Swami Bhaktivedanta Prabhupada (1896-1977) was a Hindu religious teacher who at the age of 69 came to the United States where he taught the practice of devotion to Krishna and founded the International Society for Krishna Consciousness.
Swami Bhaktivedanta Prabhupada
Abhay Charan De was born in Calcutta, India, in 1896 to a family strongly committed to devotion to Krishna. Although some considered Krishna one among numerous Hindu deities, for Abhay and his family Krishna was the supreme Lord of the Universe. Abhay entered Scottish Churches' College in 1916 and in 1920 passed his B.A. examination. He rejected his diploma in response to Gandhi's independence movement. In deference to his father he married Radharani Datta. He had one son by this marriage. His householder's life would present a constant conflict with his urge to devote himself completely to preaching Krishna consciousness.
Abhay became associated with the Gaudiya Vaisnava movement and took Bhaktisiddhanta Sarasvati as his spiritual master. Charanaravinda was the name Abhay's spiritual master gave him at initiation. Bhaktivedanta was a title his Godbrothers conferred on him in recognition of his devotional and scholarly qualities. The title Swami came in 1959 when he entered the disciplined order at the age of 63.
Abhay gained a reputation for his ability to preach in English. As his involvement in preaching and writing intensified, his business affairs and family involvement dwindled. His wife was less devoted to spreading the Krishna consciousness than was Abhay, and her drinking tea was a source of displeasure to him. When she sold his manuscript of Srimad-Bhagavatam for some tea biscuits, he left the family for good. During the 1950s he preached the Bhagavadgita and approached potential donors for support for his periodical publication Back to Godhead.
When he set out on a steamship from Calcutta to New York he had only a suitcase, an umbrella, and a supply of dry cereal. The ocean voyage was not an easy one for a 69 year old man plagued with seasickness. He settled on the Lower East Side of New York City, which was a haven for hippies during the 1960s. There, in humble circumstances, he sought to instruct young men and women who were given to experimentation with drugs and sex what it meant to practice devotion to Krishna. Many were searching for gurus and when the word spread that an Indian swami had arrived it caused quite a stir. His followers were particularly attracted to the chanting of the mahamantra: Hare Krishna, Hare Krishna, Krishna Krishna, Hare Hare/Hare Rama, Hare Rama, Rama Rama, Hare Hare. They were not immediately attracted to his philosophy.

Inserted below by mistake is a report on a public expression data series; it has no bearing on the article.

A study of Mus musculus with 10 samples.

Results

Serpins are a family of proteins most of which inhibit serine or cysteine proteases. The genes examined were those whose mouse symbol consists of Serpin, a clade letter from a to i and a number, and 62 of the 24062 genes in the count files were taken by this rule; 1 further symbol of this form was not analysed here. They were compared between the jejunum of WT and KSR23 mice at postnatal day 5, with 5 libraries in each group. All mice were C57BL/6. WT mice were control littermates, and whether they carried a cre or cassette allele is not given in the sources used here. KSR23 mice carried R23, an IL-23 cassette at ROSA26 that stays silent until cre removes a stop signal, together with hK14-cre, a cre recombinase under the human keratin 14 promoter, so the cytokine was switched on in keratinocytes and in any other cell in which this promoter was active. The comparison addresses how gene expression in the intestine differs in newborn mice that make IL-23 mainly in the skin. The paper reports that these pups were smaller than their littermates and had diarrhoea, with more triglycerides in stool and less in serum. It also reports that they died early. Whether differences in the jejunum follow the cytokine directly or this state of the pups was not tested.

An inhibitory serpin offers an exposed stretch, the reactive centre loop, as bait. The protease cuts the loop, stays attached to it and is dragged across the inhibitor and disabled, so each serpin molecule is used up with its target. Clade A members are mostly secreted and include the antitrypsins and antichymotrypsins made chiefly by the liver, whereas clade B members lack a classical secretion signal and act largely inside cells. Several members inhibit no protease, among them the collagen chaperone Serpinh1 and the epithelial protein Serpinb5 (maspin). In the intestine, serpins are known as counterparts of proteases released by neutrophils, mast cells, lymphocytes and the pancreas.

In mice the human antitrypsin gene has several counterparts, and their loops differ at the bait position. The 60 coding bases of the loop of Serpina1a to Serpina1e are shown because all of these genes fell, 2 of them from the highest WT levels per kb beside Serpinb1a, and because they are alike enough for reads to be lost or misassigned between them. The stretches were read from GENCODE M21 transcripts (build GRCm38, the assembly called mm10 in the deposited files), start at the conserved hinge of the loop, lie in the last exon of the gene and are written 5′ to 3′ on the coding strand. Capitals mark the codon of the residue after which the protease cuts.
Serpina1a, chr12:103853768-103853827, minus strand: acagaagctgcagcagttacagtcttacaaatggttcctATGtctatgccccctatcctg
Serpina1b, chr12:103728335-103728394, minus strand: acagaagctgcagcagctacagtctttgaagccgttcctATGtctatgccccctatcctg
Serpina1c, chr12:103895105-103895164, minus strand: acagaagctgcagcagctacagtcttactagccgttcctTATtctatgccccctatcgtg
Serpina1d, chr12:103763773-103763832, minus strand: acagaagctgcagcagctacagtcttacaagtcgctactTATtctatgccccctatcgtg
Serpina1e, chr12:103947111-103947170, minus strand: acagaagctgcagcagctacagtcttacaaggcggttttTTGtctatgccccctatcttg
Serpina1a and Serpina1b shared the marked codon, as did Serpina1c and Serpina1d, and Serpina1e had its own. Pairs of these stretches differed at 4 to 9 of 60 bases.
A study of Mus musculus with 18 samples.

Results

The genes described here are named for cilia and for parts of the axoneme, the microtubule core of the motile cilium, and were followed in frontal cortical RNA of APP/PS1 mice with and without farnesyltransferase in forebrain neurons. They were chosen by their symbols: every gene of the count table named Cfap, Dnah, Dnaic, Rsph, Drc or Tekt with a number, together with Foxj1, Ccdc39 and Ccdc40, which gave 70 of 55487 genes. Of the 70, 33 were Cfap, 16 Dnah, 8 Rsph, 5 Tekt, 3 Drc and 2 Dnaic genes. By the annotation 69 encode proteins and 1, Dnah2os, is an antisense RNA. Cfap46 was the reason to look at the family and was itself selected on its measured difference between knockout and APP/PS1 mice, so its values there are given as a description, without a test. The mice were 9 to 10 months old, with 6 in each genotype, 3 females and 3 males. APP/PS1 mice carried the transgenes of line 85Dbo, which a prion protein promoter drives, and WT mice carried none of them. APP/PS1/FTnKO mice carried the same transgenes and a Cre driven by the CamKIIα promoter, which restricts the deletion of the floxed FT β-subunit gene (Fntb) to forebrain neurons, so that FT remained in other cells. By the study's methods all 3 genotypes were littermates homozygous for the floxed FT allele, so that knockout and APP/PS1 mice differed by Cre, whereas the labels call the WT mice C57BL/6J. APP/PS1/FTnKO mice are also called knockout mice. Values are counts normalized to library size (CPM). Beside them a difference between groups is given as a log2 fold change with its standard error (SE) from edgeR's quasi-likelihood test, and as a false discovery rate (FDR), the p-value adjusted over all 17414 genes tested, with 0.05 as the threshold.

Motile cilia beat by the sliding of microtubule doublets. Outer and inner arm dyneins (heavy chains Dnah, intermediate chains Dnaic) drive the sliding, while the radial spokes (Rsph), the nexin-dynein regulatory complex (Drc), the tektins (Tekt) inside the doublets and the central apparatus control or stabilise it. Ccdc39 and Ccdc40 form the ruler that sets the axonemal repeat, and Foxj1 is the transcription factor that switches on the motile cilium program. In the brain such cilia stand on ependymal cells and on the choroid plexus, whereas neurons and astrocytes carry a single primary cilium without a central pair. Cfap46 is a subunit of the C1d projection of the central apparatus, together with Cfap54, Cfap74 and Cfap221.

The basic regulations which he proclaimed were to become the minimal requirements for those who joined the International Society for Krishna Consciousness (ISKCON). They were in radical contrast with the lifestyles of those to whom he preached. Nevertheless, his preaching was surprisingly successful. First, there was to be no gambling. This included frivolous games or sports. In fact, one should not converse about anything except Krishna consciousness. Second, the use of all forms of intoxicants or stimulants, including alcohol, drugs, tobacco, coffee, and tea, was prohibited. Third, there was a dietary prohibition against the eating of meat, fish, or eggs. The diet was strictly vegetarian and consisted of food that had first been offered to Krishna. Fourth, there was to be no illicit sex. Sex was only for the purpose of producing Krishna-conscious children, and therefore all methods of birth control except abstinence were prohibited. Married couples were to have intercourse only when they knew that conception could take place and for that specific purpose.
Human beings have forgotten their true relationship to Krishna, and their liberation lies in a return to Godhead through the grace of Krishna. Human beings can remove the obstacles to that grace. This, taught Bhaktivedanta, can be done by chanting the mahamantra. One need not understand it—its transcendental sound will have automatic results and raise one to a spiritual plane. One should also engage in holy association. Associating with nondevotees will have a bad effect and result in an increase of sense gratification. Early in the movement new converts were even urged to sever contact with parents who were unsympathetic to the movement. One should also eat prasadam (food offered to Krishna). While preparing the food one should think only of Krishna. Eating the prasadam is a purifying act, equal to chanting the mahamantra. It is crucial that one accept a bonafide spiritual master who is in disciplic succession from Lord Krishna. One cannot return to Godhead without submitting to Krishna, and one can approach Krishna only through his representative.
Most of Bhaktivedanta's books are commentaries on sacred texts. His approximately 60 volumes remain one of the primary means of outreach for the movement. During his first 69 years in India, Bhaktivedanta initiated only one disciple. During his succeeding 12 years in the United States he initiated over 4,000. In 1970 Bhaktivedanta appointed a Governing Body Commission, with each member appointed over a specific part of the world. This board met annually under Bhaktivedanta's supervision. When he died in 1977, the structure for the continuation of the movement was in place.
Further Reading on Swami Bhaktivedanta Prabhupada
An authorized biography of Bhaktivedanta is available in seven volumes through Bhaktivedanta Book Trust (Srila Prabhupada-lilamrta). Also available is a one-volume paperback abridgement entitled Prabhupada. One can also turn to issues of the magazine Back to Godhead and Bhaktivedanta's Bhagavad-gita As It Is.
Additional Biography Sources
The life story of His Divine Grace A.C. Bhaktivedanta Swami Prabhupada, founder-acarya of the International Society for Krishna Consciousness, New York, N.Y.: Bala Books, 1983.